WW1 1914 - 1918
"Necessity is the mother of Invention" and so it was in the summer of 1915 with the founding of the first technical training school, known then as the School of Photography at South Farnborough. Initially the training courses had to be compressed into a ten-day time scale due to the required numbers of trained men. New buildings were later constructed by German POWs and came into use in 1917 (the only permanent building erected for the Royal flying Corps during the war).
Between the wars
At the close of WW1, the improvements in technology (and the introduction of roll film) created enormous potential for map-making photography and aerial reconnaissance. The peace however, was not to last and the stagnation of training between the wars changed into frenzied activity in 1935 by the rise of the Nazi party in Germany. The training programs were rapidly intensified and extra accommodation was quickly provisioned at Farnborough.
WW2 1939 - 1945
After the outbreak of the Second World War, it became necessary, by the summer of 1940, to open an additional second school at Blackpool using a hastily converted Technical College (still standing there today). The millions of vital pictures produced by the trained photographers are best known publicly as the post strike pictures of the Dam Busters raid and the discovery of V1 and V2 rocket sites at Peenemunde.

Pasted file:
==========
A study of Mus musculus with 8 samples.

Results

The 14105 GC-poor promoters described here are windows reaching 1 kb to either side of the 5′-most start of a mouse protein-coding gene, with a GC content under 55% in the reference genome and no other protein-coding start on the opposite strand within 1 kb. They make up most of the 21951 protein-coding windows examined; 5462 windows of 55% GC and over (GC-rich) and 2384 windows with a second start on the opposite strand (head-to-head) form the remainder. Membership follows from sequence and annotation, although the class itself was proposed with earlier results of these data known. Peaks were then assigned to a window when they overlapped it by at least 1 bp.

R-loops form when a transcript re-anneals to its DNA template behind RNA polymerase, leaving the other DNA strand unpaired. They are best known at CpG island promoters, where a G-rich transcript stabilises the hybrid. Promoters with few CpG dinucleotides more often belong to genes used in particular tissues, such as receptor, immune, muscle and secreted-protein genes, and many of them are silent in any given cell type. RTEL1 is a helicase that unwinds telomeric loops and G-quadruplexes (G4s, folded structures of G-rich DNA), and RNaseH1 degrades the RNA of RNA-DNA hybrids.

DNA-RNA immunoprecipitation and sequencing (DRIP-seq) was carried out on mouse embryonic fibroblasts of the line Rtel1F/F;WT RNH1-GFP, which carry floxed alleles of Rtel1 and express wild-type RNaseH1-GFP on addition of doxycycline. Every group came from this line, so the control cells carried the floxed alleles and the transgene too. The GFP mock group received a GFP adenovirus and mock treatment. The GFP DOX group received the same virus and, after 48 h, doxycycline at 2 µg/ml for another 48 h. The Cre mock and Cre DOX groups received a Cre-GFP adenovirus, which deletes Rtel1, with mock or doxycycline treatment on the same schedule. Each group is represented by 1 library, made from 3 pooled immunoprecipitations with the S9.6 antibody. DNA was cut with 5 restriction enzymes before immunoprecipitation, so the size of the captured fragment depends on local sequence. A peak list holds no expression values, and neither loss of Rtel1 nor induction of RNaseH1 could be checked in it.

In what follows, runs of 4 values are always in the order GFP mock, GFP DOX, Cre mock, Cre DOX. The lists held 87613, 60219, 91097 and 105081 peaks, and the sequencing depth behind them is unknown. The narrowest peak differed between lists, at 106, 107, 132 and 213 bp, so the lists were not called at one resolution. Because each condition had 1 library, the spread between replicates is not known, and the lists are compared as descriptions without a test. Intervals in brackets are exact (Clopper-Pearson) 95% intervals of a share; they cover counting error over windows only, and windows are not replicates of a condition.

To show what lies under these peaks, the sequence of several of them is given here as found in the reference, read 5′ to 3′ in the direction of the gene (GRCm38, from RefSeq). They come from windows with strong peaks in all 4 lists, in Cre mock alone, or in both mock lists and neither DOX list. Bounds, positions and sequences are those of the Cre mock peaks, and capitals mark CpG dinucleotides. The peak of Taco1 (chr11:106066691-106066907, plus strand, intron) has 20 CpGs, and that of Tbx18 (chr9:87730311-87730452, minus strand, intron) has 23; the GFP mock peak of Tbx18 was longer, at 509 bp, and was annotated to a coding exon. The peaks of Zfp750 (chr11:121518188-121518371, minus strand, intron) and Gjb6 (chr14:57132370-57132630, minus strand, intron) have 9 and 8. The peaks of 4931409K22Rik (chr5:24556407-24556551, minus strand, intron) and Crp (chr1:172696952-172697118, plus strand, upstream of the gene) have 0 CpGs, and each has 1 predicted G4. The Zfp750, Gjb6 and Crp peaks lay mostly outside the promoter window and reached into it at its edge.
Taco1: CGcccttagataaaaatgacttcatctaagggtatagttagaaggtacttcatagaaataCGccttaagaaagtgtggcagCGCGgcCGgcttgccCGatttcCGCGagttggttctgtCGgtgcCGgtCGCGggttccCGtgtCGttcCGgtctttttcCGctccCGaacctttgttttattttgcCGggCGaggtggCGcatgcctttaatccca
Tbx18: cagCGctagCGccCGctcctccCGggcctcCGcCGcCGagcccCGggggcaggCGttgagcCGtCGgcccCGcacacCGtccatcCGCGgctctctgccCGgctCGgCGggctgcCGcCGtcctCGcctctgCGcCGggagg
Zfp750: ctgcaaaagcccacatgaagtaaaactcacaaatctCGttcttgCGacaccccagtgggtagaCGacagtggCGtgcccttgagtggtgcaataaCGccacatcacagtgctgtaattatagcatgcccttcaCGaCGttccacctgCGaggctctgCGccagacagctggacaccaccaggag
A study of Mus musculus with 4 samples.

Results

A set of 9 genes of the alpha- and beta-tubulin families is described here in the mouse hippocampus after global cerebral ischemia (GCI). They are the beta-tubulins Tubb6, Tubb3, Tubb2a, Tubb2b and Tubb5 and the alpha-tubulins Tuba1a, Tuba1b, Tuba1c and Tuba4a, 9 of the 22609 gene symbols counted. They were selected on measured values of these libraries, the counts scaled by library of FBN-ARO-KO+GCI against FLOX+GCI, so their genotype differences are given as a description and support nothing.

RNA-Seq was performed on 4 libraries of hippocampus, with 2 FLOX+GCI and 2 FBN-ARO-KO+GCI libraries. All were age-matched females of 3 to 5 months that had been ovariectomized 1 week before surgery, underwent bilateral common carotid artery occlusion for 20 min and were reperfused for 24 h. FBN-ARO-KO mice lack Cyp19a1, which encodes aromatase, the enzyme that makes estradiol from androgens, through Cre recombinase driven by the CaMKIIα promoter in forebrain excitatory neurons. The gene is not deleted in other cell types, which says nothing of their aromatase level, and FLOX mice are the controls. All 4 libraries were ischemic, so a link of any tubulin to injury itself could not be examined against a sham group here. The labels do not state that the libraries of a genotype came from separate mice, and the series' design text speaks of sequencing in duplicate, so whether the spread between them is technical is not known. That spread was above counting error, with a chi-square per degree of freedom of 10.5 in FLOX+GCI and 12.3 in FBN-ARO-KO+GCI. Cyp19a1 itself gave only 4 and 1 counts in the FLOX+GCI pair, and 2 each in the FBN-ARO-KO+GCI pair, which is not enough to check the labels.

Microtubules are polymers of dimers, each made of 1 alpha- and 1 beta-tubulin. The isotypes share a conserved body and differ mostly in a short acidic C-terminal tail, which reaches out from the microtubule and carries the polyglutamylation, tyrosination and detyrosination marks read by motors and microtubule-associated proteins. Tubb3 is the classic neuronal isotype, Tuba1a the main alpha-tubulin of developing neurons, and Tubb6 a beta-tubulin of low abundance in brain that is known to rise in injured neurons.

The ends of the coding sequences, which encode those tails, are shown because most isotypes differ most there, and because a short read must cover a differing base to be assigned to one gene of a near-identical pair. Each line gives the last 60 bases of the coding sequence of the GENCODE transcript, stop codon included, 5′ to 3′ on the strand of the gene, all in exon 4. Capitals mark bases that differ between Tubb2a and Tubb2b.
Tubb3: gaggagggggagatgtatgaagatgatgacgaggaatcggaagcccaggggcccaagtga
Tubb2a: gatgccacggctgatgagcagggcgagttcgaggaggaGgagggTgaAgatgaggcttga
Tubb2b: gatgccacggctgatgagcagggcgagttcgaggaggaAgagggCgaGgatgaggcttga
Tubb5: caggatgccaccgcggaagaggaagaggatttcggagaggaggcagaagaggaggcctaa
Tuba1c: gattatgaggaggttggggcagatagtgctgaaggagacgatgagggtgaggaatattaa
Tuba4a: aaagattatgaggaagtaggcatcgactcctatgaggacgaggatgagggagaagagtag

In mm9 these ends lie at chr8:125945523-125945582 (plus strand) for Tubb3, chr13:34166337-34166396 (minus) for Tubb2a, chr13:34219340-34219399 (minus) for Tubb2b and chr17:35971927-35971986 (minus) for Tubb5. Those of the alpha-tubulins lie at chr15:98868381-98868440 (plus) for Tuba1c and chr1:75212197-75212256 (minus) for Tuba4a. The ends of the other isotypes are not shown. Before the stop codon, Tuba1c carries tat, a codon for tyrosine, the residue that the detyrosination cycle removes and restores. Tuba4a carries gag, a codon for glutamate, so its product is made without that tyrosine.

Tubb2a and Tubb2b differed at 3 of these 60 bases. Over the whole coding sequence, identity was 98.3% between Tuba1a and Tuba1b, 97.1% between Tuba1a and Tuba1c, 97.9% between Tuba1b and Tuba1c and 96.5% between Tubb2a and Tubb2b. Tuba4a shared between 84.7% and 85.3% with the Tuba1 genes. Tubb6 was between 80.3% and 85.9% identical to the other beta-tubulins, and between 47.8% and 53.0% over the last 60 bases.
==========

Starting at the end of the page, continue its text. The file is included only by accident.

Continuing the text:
After the war the School had to move from Farnborough to improvised accommodation at Farnham and then in 1948 on to Wellesbourne-Mountford, near Stratford-on-Avon, where it remained until October 1963. It then moved to temporary accommodation at Cosford, where it joined the "Photographer Boy Entrant" training (which had been there since 1956). A new purpose built design was constructed and opened on 3rd December 1965, by the late Air Marshall Sir Alfred Earle, KBE CB, a former student and Deputy Chief Instructor (during the 1930s).
The Joint School of Photography
In 1972 the School became the training center for all HM Forces photographers as the Joint School of Photography with the closure of the Royal Navy School of Photography and the Army School of Photography. Since then the reputation of the school has acquired the highest standards of training in photography.
The Defence School of Photography
On 6th June 2003 the Joint School of Photography was re-named to become "The Defence School of Photography" under the command and control of the Defence Intelligence and Security Centre, Chicksands, to form part of the first military federated training organisation. The renaming suggests a wider remit for the school than first envisaged and the next logical step in the schools history.